But there was the deal the Raiders gave veteran quarterback Matt Flynn.
Oakland paid Flynn more than $6.5 million this season and released him after one losing start. So this season, Flynn will make nearly $2 million more than Colts quarterback Andrew Luck, Redskins quarterback Robert Griffin III, Dolphins quarterback Ryan Tannehill, Browns quarterback Brandon Weeden and Seahawks quarterback Russell Wilson -- combined!
This season, those five quarterbacks from the Class of 2012 -- Luck, Griffin, Tannehill, Weeden and Wilson -- will earn a combined $4.55 million in base salary, not nearly what the Raiders paid Flynn.
It demonstrates another loophole in the CBA that went overboard to punish rookies. Not only will Flynn make almost $2 million more this season than those sophomore quarterbacks combined, but he now has the chance to double dip and keep whatever salary another team that signs him is willing to offer.
These have been salad salary days for Flynn, who over the course of the past season and a quarter has made $14.5 million from Seattle and Oakland for making one start for the Raiders.
In Seattle, Wilson beat out Flynn. In Oakland, Terrelle Pryor beat out Flynn. But Flynn truly scored big.
Flynn did what he was supposed to do. He beat the system. But the system is beating some of those younger quarterbacks for now, until they get a chance to redo their deals to cash in the way Flynn has the past two seasons.
• Spending for success: NFL owners will not be happy to hear this, but players will.
This season, for the first time in a long time, there is a direct correlation between winning and spending.
The top five free-agent spending teams from this past offseason -- Indianapolis, Miami, Tennessee, New England and Kansas City -- all are winning this season.
Last offseason, the Colts spent $65 million, the Dolphins spent $55.2 million, the Titans spent $45.2 million, the Patriots spent $43.2 million and the Chiefs spent $41.1 million -- and in exchange, those teams now have a combined 19-6 record.
All are having successful seasons. Three are in or tied for first place. In addition to New Orleans, they are this season's biggest NFL surprise stories.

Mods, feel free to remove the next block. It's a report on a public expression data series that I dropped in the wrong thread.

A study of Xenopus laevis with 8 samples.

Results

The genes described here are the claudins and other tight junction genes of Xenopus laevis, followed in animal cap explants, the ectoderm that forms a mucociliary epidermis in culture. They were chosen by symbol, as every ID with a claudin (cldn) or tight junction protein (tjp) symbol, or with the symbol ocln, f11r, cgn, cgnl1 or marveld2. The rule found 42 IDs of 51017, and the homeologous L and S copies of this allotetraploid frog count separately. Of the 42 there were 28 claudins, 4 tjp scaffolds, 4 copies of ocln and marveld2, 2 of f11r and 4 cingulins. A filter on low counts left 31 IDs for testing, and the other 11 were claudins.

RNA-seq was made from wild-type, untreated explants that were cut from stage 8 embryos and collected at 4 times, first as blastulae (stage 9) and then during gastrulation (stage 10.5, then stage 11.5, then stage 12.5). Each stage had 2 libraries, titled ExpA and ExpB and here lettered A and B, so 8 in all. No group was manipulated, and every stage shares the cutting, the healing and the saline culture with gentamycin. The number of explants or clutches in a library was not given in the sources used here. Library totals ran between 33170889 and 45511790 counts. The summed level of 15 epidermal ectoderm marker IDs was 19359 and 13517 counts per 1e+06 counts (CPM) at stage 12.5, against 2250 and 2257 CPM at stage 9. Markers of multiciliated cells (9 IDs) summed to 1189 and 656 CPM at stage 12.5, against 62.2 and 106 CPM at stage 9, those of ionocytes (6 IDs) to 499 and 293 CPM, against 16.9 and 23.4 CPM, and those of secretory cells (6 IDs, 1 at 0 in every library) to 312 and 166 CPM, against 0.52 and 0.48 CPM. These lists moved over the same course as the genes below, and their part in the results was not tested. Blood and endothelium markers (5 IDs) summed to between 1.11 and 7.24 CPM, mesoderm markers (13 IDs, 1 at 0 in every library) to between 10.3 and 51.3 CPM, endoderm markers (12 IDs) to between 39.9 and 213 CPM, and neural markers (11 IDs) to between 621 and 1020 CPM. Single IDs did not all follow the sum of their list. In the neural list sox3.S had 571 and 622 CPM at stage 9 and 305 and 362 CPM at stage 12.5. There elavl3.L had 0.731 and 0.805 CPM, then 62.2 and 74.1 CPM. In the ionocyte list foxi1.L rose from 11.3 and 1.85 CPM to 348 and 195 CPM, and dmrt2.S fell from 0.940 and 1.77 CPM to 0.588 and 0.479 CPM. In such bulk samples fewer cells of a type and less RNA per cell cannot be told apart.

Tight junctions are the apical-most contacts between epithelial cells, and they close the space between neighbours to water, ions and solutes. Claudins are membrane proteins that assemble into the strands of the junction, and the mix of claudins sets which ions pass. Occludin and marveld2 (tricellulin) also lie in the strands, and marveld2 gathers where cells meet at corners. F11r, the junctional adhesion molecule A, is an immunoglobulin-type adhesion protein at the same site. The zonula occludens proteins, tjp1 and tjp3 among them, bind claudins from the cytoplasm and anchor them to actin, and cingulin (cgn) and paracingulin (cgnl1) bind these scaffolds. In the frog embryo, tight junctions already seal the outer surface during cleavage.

Each identified offseason weaknesses; each paid to address them. With the success these teams have had this season, it could send a message next offseason that there is help available for those willing to pay for it. In a copycat league, others may copy the spending.
Some NFL executives said this week they are not convinced there's a correlation between spending and winning, and how it has turned out this season could be more random than anything. Teams spend from one year to the next based on the outlays they have made on contracts. Yet the facts are as undisputable as the success this season of these teams. They spent; they're winning.
Now there always will be another Albert Haynesworth, another Alvin Harper, another Adam Archuleta, another player who hits the lottery for a team that strikes out. Free-agent busts are woven into a system designed to bolster teams' hopes. There may even be some in this year's free-agent class -- Dolphins wide receiver Mike Wallace has some around the league wondering.
But the fact is, this year, for the first time in a long time, teams got what they paid for.
• Stats say Romo struggles late: If it seems like Cowboys quarterback Tony Romo struggles late in games or in overtime, it's because he does. Statistics bear it out.
Check out the numbers.
In the first 12 minutes of the fourth quarter in each game since 2010, Romo has thrown 26 touchdown passes and only six interceptions and completed 67 percent of his passes, all while posting a total QBR of 80.
But when the games have had fewer than three minutes left in the fourth quarter or been in overtime, Romo has thrown two touchdown passes and four interceptions and completed 59 percent of his passes, all while posting a total QBR of 44.
So there it is, what many football fans -- and especially Cowboys fans -- suspected all along. It doesn't change the fact Romo is one of the top quarterbacks in the game. It just solidifies the thinking that to alter perceptions, he will need to win games when the clock is ticking down, the crowd is screaming and the sirens are blaring.
• Game of the Week: Lions at Browns -- It's not often that two first-place teams that haven't won a division title since the NFL realigned 11 years ago each get a chance to hold on to its top spot.
• Upset of the Week: Ravens over Packers -- Defending world champions have yet to play their best football, something the Packers could bring out of them.
• Player of the Week: Texans QB Matt Schaub -- The much-maligned quarterback still has a chance to turn around his, and his team's, season.